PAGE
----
Urban beekeeping is buzzing. In 2013, the City of Boston enacted Article 89, a zoning ordinance designed to encourage urban agriculture. Since then, honeybees have been appearing everywhere in the city. Hives are tucked away in the most unexpected places: backyard gardens, vacant lots, office building balconies. Several hotels, such as Taj Boston, the Intercontinental, and Fairmont Copley Plaza, have also gotten in on the action, featuring honey collected from their rooftop apiaries on their restaurant menus.

These important pollinators have turned previously unused urban spaces into places that benefit entire communities. Each day, thousands of honeybees will leave their hives and travel up to 3 miles to forage and pollinate plants in parks, gardens, backyards, and window boxes. Though it may seem counterintuitive, urban honeybees experience far better survival rates and produce more honey than their country cousins. The relative absence of pesticides and a greater diversity of plants put city bees at a significant advantage.

Honey is, of course, the primary output of honeybees. A single hive can produce more than 50 pounds of honey each year, a remarkable achievement given that each individual worker bee produces only one-twelfth of a teaspoon of honey in its lifetime. With so many beehives spread out throughout the metropolitan area, it is possible to seek out hyperlocal honey, produced just blocks away from one’s home or place of work.

A miraculous substance whose properties humans have been incapable of synthesizing, honey functions both as a food source for the entire colony as well as an insulating material for the hive. Nectar, ingested by bees, is transformed into honey by stomach enzymes and injected into honeycomb cells. By flapping their wings, bees accelerate honey’s evaporation process. Once the moisture content in the honey reaches a level of approximately 17 percent, each cell is sealed off with a wax lid to prevent fermentation. Properly stored honey, with its high acidity levels, has a seemingly infinite shelf life: jars in their original state have been unearthed from ancient Egyptian tombs. Honeybees also produce bee pollen; propolis, a caulking material with medicinal and antiseptic properties; and beeswax, used in making candles and body lotions.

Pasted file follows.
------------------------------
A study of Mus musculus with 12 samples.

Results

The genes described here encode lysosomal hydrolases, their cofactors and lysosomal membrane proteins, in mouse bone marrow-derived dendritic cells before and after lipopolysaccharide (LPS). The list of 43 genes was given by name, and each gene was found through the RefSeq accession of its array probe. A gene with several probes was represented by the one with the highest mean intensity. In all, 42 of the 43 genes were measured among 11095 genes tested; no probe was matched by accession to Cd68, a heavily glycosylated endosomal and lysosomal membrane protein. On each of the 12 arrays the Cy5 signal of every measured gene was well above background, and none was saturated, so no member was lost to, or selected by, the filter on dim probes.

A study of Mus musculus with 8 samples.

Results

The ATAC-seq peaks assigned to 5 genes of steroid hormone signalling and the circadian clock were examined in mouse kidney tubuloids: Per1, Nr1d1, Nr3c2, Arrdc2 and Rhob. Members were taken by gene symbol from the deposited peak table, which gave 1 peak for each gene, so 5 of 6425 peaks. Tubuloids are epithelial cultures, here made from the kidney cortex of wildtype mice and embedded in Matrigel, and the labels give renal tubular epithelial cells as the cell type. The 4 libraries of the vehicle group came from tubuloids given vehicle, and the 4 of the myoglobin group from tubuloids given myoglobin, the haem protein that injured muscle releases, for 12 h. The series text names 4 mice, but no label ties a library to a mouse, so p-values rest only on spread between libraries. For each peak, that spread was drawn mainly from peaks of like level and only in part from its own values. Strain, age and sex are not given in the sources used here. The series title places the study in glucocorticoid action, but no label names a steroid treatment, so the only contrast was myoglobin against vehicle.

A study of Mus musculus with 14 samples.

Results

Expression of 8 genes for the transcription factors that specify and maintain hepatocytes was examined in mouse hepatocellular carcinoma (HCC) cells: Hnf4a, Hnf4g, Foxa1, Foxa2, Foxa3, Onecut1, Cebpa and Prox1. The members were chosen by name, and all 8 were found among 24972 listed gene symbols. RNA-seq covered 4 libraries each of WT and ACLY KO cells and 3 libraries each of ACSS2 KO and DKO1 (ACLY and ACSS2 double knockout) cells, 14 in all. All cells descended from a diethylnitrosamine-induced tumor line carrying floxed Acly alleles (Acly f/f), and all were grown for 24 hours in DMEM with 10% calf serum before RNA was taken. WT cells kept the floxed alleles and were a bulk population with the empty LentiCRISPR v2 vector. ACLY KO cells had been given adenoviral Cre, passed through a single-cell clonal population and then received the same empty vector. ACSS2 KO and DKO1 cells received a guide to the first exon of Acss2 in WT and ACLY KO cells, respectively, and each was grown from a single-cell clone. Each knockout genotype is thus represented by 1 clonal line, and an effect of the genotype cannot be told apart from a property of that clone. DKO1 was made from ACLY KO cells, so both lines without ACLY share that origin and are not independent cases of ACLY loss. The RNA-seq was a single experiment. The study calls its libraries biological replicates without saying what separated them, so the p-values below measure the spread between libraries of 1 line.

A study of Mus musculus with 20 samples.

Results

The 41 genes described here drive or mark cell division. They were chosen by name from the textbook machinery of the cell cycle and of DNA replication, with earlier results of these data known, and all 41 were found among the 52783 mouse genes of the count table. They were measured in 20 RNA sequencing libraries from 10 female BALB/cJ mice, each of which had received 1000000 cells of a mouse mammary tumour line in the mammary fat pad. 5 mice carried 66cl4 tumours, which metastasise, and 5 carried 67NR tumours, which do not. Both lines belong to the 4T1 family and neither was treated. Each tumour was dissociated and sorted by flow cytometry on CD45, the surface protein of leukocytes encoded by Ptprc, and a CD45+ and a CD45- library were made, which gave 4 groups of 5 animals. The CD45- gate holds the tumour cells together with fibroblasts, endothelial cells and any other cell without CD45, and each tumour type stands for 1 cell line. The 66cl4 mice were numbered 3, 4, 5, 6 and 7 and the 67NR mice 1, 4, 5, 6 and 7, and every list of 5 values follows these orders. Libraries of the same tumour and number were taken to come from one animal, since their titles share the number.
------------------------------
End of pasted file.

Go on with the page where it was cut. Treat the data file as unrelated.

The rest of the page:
Unfortunately, honeybee populations have been on the decline since the early 2000s. Mites, pesticides, herbicides, fungicides, disease, and habitat loss have taken a toll. This poses a direct threat to the agricultural economy, since approximately one-third of the food we consume is dependent on honeybee pollination. (The US Department of Agriculture values honeybees’ contribution to the national food economy at 15 billion dollars annually.)

Urban beekeepers have a crucial role to play in maintaining healthy ecosystems. Consumers can create their own positive impact by choosing local honeys over commercial brands and planting bee-friendly plants, such as lindens, dandelions, hollies, mints, and native perennials favored by pollinators. Through education and outreach, strides can be taken to protect honeybees and support all they do for our local communities and food security.